PH-613, 1942Life is constricted, to some extent, for all single-artist museums–and more than most at the Clyfford Still Museum. As decreed by the artist, it can never exhibit works by any other artist and it can’t have a restaurant or auditorium, among other things. Yet almost about three years ago, in November, 2011, it opened in Denver.

When I received a press release a while back announcing its tenth special exhibition, opening this coming Friday–The War Begins: Clyfford Still’s Paths to Abstraction–I thought it was time to check in and see how it is doing. The answer is pretty well, thanks.

As I report for an article published yesterday on The Art Newspaper website:

…the museum has received 38,562 visitors in 2014—already close to the 40,000 the museum originally projected for an entire year and likely to surpass last year’s total of 42,685. In 2012, its first full year, the museum attracted 61,204 visitors.

More impressive, to me, are those 10 shows, all but one curated by director Dean Sobel, consulting curator David Anfam, or the two of them together. The lone exception was organized by the chief conservator,  James Squires. They include, aside from two inaugural survey exhibitions:

…“Vincent/Clyfford”, featuring paintings and works on paper created during Still’s early years, when his subjects and palette echoed van Gogh’s (timed to coincide with the Denver Art Museum’s “Becoming van Gogh”; “Memory, Myth & Magic”, which exhibited Still’s works that allude to ancient cultures, artistic traditions and his memories; “The Art of Conservation: Understanding Clyfford Still”, which explained Still’s materials and working methods plus the ways conservators are striving to preserve his works; and “1959: The Albright-Knox Art Gallery Exhibition Recreated”, which mimicked one of the few museum exhibitions of his work in his lifetime.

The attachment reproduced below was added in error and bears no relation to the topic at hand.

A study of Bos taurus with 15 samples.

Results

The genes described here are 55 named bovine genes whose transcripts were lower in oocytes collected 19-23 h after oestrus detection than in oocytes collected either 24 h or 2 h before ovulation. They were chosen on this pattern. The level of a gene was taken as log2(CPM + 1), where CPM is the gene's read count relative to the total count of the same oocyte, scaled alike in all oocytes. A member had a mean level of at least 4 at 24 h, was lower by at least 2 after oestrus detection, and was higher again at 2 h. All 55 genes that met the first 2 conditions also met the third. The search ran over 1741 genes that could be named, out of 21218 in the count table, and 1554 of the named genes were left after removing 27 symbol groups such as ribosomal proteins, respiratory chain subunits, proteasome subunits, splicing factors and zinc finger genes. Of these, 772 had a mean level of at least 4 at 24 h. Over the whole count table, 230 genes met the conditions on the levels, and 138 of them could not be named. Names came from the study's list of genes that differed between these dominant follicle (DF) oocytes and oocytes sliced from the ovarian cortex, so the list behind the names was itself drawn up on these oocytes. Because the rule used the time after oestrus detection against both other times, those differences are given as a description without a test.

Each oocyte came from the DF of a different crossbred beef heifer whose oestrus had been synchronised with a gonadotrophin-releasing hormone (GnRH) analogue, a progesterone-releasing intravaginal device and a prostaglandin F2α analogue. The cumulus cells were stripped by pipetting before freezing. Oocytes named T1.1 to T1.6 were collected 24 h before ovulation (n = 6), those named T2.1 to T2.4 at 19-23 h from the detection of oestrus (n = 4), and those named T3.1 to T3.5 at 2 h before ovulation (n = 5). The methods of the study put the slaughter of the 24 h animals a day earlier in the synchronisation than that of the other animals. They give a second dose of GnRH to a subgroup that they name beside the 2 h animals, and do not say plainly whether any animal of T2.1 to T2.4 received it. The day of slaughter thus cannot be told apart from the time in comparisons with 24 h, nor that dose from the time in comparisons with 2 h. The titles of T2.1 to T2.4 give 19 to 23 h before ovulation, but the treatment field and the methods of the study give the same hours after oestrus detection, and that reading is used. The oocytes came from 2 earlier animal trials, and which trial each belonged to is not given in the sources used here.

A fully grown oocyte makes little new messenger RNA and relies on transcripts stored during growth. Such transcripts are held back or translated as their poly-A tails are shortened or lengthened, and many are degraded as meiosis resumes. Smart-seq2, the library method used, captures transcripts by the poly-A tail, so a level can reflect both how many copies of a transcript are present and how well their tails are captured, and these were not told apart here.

More details at the above link, including some of Sobel’s plans for next year. He has plenty to work, as about half of the 825 paintings the museum owns haven’t yet been unrolled since their shipment from art storage in Maryland. And very few people are familiar with Still’s drawings–many didn’t even know they existed–which number about 2,350.

PH-620, 1942The exhibit opening Friday, the museum said in a press release, “highlights the previously unknown dialogue between Still’s work in war industries and his early breakthrough into abstraction.” I’ve provided two paintings from it here (both from 1942), and here’s the museum’s web description.

In fact, because Still’s work remains largely unknown, Sobel has had to change tactics for his special shows: He had learned that he shouldn’t clear out all nine of the museum’s galleries, but rather that special shows are best implanted in the chronology the museum presents. Visitors want to learn Still’s narrative.

The permanent collection narrative changes anyway: in a rotation that starts this month, 53 works on paper will be hung, 40 of which have never been exhibited publicly.

If there has been a disappointment, Sobel says, it’s the lack of national critical review, except perhaps for its opening. Granted, not many critics are traveling beyond the coasts  very often, but it would be great if they weighed in on these special exhibits. As for the museum world, Sobel said, “a lot of my colleagues have only been visiting recently.”

His neighbor, director Christoph Heinrich of the Denver Art Museum, says the Still museum is “part of the conversation here in town,” and not least because of the special exhibits. But also, he said, because “it’s an incredibly in-depth look at the work of one really influential artist. Every artist knew him, but the public didn’t because he exerted so much control.”

Photo Credits: © City and County of Denver

Comments

  1. Yes, my friends and colleagues Dean Sobel and David Anfam are doing a tremendous job conceiving of a dynamic program for the Still Museum. It is indeed, a difficult task to program a museum with such severe restrictions. Thank you for pointing this out, Judith.

  2. Barbara Chalsma says

    Neither restaurant nor auditorium but a website and a gift shop–thank goodness!